The purpose of a portfolio site is to showcase different kinds of work in an easily accessible way, both for the person who owns the site and for those who visit it. Because of this the portfolio site we will be dealing with different types of content in different places. To make sense of it all, creating a site architecture enables a designer or developer to think through all the different elements in advance and figure out what needs to be built and where these different components should be housed. But before we can build the site architecture, let's look at how WordPress handles contents by default.
When installed, WordPress has two main content types: posts, which is the regular blog posts, and pages. The posts are organized by category, and further organized by tag, and they are usually displayed in reverse chronological order, so the newest post first and then all the older ones underneath it. You can also add custom fields to posts and they sometimes come with the featured image functionality, and most of them have comments. In contrast, pages are independent elements that don't really relate to each other, except for parent-child relationships.
So you can make one page and then underneath it you can have a child of that page. Pages also default to the main menu, unless you tell the site otherwise, and with pages you can have custom page templates so you can display different pages in different ways. Pages also have some common features with posts, including the featured image functionality and comments, but pages do not have custom fields. Taking into consideration the WordPress only has these two content types, posts and pages, we can apply them to this standard online portfolio item structure.
You see we have a Home page, a Bio/About page, a Portfolio with some sub items, including Photos, Videos, Articles, and then a Contact page and a Blog. If we take the standard structure, you'll see that the Home page and Bio/About Page are standard pages, and so is the Contact page, and then the Blog is the regular blog post. But what happens to this content in the middle, the Portfolio, where you have the Photos, Videos, and Articles? That's the general question that we're going to answer in this course and I will teach you how to handle it.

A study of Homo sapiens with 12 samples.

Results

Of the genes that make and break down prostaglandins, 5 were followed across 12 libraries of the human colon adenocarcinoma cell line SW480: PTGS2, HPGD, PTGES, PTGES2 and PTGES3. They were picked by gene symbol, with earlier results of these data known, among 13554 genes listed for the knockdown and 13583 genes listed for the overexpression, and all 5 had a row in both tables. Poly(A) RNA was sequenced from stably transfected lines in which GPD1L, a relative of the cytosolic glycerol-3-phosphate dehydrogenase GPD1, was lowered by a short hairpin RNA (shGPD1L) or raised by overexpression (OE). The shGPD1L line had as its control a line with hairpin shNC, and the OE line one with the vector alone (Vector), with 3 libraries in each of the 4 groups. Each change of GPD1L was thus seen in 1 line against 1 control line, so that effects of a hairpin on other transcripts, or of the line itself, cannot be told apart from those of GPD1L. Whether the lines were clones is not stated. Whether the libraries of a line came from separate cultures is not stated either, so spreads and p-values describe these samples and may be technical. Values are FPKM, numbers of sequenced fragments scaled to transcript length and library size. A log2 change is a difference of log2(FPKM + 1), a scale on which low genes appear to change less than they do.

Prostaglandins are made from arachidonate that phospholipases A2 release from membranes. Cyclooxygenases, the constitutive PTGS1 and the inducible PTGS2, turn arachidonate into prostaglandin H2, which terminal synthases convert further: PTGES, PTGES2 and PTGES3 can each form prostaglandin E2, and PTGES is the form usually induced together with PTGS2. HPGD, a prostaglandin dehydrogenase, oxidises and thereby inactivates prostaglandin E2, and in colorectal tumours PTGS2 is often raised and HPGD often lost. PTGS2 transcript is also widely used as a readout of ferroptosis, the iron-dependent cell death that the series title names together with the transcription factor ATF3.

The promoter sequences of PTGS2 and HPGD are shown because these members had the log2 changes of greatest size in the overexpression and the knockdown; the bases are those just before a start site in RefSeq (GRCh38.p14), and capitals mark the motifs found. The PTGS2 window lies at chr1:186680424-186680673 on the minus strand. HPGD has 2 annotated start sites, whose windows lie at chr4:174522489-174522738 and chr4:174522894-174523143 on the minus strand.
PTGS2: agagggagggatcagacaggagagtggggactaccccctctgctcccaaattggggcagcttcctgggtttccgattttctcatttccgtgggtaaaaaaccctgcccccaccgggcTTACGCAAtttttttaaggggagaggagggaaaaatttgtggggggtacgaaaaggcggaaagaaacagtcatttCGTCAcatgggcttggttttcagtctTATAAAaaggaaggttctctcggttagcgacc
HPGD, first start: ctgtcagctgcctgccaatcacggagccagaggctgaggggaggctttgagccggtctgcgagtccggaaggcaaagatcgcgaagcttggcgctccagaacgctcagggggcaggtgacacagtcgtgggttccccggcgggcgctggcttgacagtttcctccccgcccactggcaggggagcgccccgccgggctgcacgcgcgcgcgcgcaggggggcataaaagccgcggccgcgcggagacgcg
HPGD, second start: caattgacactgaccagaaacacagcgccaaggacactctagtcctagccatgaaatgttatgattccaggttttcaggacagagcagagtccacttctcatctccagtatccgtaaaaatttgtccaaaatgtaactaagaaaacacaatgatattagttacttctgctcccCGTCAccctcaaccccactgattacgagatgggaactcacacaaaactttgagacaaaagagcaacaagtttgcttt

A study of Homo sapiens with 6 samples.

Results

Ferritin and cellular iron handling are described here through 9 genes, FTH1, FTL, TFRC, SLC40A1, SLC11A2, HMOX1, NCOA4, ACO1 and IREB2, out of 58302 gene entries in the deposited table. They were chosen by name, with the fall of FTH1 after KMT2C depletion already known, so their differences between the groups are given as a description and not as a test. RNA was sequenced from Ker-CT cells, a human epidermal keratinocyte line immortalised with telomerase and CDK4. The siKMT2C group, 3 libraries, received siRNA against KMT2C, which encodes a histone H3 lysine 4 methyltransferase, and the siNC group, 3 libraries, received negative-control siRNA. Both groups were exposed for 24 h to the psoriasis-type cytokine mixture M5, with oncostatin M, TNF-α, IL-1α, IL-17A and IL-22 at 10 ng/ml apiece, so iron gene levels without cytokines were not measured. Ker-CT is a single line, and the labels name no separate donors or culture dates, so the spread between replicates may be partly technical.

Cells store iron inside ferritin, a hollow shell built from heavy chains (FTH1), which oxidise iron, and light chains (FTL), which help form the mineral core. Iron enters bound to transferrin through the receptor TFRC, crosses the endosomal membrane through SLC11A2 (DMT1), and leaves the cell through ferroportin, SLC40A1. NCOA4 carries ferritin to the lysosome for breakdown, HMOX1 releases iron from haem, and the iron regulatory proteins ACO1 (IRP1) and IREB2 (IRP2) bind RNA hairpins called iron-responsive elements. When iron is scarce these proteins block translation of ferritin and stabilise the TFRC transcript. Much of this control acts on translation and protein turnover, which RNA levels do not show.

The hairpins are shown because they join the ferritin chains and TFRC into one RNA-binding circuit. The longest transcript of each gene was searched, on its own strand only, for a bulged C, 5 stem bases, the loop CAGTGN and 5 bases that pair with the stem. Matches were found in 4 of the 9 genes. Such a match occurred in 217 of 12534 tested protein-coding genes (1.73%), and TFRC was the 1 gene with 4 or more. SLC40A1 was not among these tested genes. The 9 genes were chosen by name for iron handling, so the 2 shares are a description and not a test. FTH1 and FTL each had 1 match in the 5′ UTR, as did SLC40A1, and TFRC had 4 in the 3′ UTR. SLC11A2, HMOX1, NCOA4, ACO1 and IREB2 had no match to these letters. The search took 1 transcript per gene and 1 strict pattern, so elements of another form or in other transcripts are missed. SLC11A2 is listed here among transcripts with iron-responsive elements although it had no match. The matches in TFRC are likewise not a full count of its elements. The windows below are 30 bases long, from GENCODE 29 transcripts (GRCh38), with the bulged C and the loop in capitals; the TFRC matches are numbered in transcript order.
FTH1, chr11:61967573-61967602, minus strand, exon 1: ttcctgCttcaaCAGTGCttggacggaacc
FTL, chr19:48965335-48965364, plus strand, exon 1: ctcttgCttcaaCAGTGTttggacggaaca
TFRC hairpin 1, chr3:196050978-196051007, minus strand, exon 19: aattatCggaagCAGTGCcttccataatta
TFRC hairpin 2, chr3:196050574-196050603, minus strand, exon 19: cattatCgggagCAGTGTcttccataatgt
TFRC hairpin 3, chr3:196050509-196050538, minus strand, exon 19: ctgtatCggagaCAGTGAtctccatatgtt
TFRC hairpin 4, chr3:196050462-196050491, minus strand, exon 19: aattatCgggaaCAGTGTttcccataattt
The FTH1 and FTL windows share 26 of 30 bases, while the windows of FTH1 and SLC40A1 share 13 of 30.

The obvious and simple solution to this issue is to create a new category underneath the Blog called Portfolio, and then give that Portfolio category subcategories for each of your items. But this is really clunky, because now you have all of your items, regardless of what kind of content it is, listed under the Blog. So if you want to display the blog without these items, you have to write a huge pile of code just to exclude these items and then you have to create a new template to include only those items.
A better solution is to create new custom post types for each of these different types of content. That way the blog lives on its own with its own categories and you'll have a new custom post type for each of the new types of items. So you'll have a custom post type for videos, one for photos, and one for articles. What's really cool about this is once you have custom post types, you can assign specific types of categories or taxonomies to each of the post types so that they're all different. That means you can create organizational tools that only relate to each of the individual post types and you can organize each post type item in relation to the other items on their own.
So using custom post pipes and custom paxonomies, you can create a site that's much easier to navigate and has very clear firewalls between different types of content. Now let's look at a concrete example of how this would work. Throughout this course we'll be building a site for an imaginary chef. The site is called Culinary Artistry. This chef has four types of content he wants to display. He has his regular blog, but he also has recipes, photos, and videos. And under Recipes, Photos, and Videos, he has different kinds of ways of organizing the content.
For Recipes, he has Meal Type, Ingredients, Difficulty, Time, and Portions. Whereas in Photos he has Meal Type, Ingredients, and Technique for the photography, and in Videos he has Meal Type, Ingredients, and Video Type. You'll notice that some of these categories, or custom taxonomies as they are called, are the same across all three post types, while others are individual for each post type. This really harnesses the true power of using custom post iypes. You can hook them together and relate them to each other using some taxonomies and then you can still keep them separate for others.
So what we're seeing here is the general site architecture for the site we're going to be creating. We'll build three new post types, Recipes, Photos, and Videos, and under them create a set of new custom taxonomies, so we can organize the content in a logical way. With a basic site architecture drawn up before the real work begins, you have a clear plan of what needs to be done and how that information is going to be organized. This makes the actual process of building the course site much easier.